Bad Books – II
Record Label: Triple Crown Records / Favorite Gentlemen Records
Release Date: October 9th, 2012
In 2010, indie-rock/folk powerhouses Kevin Devine and Andy Hull got together to make some more indie tunes that they’re used to making with their respective bands. Kevin Devine is a very popular solo artist in the genre, and most people know Andy Hull as being the frontman of Manchester Orchestra. In a sense, this is sort of a “supergroup,” but barely. I’m completely new to this band, but not new to these artists, so when I listened to this, I knew what to expect, but at the same time, I didn’t. Ultimately, I was extremely surprised with how much I enjoyed this. It doesn’t sound like a Kevin Devine or Manchester Orchestra cover band, but ultimately, they have their own identity. There’s not much that I haven’t heard before on this album, but coming from Devine, Hull and co., this is quite an interesting album, nonetheless. The album name is merely II and while it’s rather dull, it’s quite forward and to the point.
The album starts off with “The After Party,” and it sets the stage for what’s the album and band is all about. And it should be worth mentioning that both Devine and Hull share lead vocal duties, so this song starts off with Hull’s vocals with a very quiet acoustic guitar riff by guitarist Robert McDowell. Regardless of who is singing it, the lyrics are the most interesting part in this song specifically – In beginning, Hull says, “I hate to be alone.” Throughout the song, he keeps changing his mind, like he’s quite schizophrenic. He hates to be alone, but then he says he needs to be alone. It’s a very interesting song, nonetheless. The next song “No Reward” has Devine taking over lead vocals, and I’ll be honest, I don’t like Kevin Devine as much as Hull, but he’s got a great voice. He’s not as strong as Hull, but they both compliment one another. This song has a different vibe from the first one, and it really shows. Parts of this album do seem like Devine and Hull both combined their bands together to make one band, but at the same time, it doesn’t. I also like how that both vocalists are lead vocalists, but they don’t overshadow one another. They both get their time to shine. Hull had the first track, and Devine’s got the second one, so they both have a turn in the first couple tracks. The rest of the album is where things get interesting.
Third track “Forest Whitaker” is probably my favorite track on the record. It starts out with a very cool keyboard riff, and the song has that electronic vibe all the way through. Honestly, the way I would describe it is cool. This track could easily get radio success if played on modern radio today. It’s a great track, and the first of many highlights on this CD. Fifth track “Pytor” is certainly one of those tracks. It’s another track that Hull takes lead vocal duties on, and it’s a very somber track, but it’s another one of the best tracks on the record, too. The next track “Friendly Advice” is a one-two punch, because it follows the same somber effect, and also it’s sung by Hull. Finally, seventh track “No Sides” has another song sung by Devine. Devine did sing a bit on third track “Forest Whitaker,” but not very much. It’s nice to see another track with him, and he does take the whole song, basically. It’s not the best track, but it’s enjoyable, nonetheless. That’s how I feel about most of this album – there are some songs that are great, and others that are good, but not as great. As a whole, the album is pretty awesome, but it’s not the best album I’ve heard all year. It’s clear that this isn’t just a side project, either.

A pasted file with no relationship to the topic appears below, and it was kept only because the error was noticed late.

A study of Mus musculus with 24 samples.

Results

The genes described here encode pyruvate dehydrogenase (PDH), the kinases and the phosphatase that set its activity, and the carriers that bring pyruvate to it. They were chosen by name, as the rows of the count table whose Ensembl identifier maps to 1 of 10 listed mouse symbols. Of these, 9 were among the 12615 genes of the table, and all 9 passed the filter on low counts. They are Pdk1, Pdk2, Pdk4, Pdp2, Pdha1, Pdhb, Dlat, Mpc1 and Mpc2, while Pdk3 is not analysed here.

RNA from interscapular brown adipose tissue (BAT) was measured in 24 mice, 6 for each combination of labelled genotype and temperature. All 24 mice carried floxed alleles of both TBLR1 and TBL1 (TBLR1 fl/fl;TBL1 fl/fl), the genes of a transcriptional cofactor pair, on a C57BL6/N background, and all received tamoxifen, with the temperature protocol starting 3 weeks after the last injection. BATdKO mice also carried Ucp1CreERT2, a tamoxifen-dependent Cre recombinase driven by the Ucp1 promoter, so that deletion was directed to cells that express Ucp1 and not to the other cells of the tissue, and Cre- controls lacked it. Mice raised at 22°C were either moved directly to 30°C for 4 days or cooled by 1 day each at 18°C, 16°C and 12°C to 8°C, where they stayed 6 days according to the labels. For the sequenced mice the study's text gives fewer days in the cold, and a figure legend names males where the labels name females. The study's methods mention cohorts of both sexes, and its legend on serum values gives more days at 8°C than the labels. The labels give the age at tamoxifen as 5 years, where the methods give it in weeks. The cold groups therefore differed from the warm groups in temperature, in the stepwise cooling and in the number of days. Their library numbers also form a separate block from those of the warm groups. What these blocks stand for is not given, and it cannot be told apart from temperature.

The last two songs, “Lost Creek” and “Ambivalent Peaks,” are two of my other favorites, aside from “Forest Whitaker,” and “Pytor.” The former is an acoustically driven track with Hull taking vocals. While he does take the reigns for most of the tracks, Devine does get lead vocals on a few, and he’s not overshadowed on any of the tracks he’s in. The latter is a Devine-fronted track, thankfully, and it’s another very slow track. But I feel like these two tracks are connected in some way. The album ends on a very somber note, but it does leave the listener with a nice noise in their ears. Ultimately, it makes me want to keep coming back, because I notice things on the album I didn’t notice on my first listen. Overall, this is a very good album for fans of Devine / Hull, and even for people who aren’t fans, or are just new to the artists themselves.